Ezra Pound: A Paradise Lost (Notes for Canto CXX)


Rock formation sculpted by wind erosion, Altiplano, Bolivia:
photo by Thomas Wilken, 2005

I have tried to write Paradise

Do not move
...Let the wind speak
.........that is paradise.

Let the Gods forgive what I
.........have made
Let those I love try to forgive
.........what I have made.

Lightning and lava flows over Eyjafjallajokull: photos by Olivier Vandeginste, Sunday 18 April 2010

Ezra Pound: Notes for Canto CXX, c. 1960


TC said...

Also by EP:

Ezra Pound: As toward a bridge over worlds

Ezra Pound: Farfalla in Tempesta

Ezra Pound: Separation on the River Kiang

Ezra Pound: Taking Leave of a Friend

Ezra Pound: The black panther lies under his rose-tree

Ezra Pound: The River-Merchant's Wife: A Letter

Anonymous said...

Reading these "breaking through the noise", plain but bold words, makes me want to speak less but more clearly -- to make what I say count, to digress less. The Bolivian stone paired with its Icelandic prototype images is quite a feat of matching, half a world away.

Issa's Untidy Hut said...

Absolutely wonderful poem, thanks Tom.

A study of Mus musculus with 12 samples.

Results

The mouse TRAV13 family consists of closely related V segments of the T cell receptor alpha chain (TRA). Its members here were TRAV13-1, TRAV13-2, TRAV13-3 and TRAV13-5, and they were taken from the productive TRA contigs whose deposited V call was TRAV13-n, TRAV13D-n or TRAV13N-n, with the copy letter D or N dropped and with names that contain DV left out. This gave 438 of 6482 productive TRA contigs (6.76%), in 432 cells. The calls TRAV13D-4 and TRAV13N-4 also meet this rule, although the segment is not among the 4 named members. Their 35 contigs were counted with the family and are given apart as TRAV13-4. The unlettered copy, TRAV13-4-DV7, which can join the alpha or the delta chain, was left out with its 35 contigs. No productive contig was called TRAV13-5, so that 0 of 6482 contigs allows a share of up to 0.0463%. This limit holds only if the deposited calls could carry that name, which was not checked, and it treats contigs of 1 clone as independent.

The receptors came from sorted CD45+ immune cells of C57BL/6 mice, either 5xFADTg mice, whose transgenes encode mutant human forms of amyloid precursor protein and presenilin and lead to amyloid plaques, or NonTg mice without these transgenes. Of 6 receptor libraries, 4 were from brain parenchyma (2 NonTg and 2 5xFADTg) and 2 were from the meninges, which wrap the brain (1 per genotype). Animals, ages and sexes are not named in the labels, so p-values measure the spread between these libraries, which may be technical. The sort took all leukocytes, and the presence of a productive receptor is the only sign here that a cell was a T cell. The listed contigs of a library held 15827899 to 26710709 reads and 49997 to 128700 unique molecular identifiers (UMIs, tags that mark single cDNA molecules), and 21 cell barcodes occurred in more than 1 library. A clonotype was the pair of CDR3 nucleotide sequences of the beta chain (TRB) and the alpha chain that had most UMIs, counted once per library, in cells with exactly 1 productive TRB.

TC said...

In turning the small quiet remaining "voice" of the poem over to the the elements, Pound almost seems to be passing on to nature -- always his spiritual source, though sometimes he spoke of it as gods and goddesses -- the keys to his kingdom. After this divestment came silence.

The wind speaking through the rock of the Altiplano, the earth speaking through the great volcanic rift in Iceland, these expressions of natural energy and force seemed to echo, perhaps, some of the poet's lost and unspoken "words".

As to the apparent admission of error, I think all that's revealed is that Pound was all along as conscious as almost everyone else of how close his whole great poem always came to disintegrating into chaos. But there are kinds of order within kinds of apparent disorder, maybe. This would be the theme of Robert Duncan, in exchanging thoughts with EP's onetime classmate and sweetheart H.D.:

Ezra Pound's Hodge-Podge (Robert Duncan to H.D.)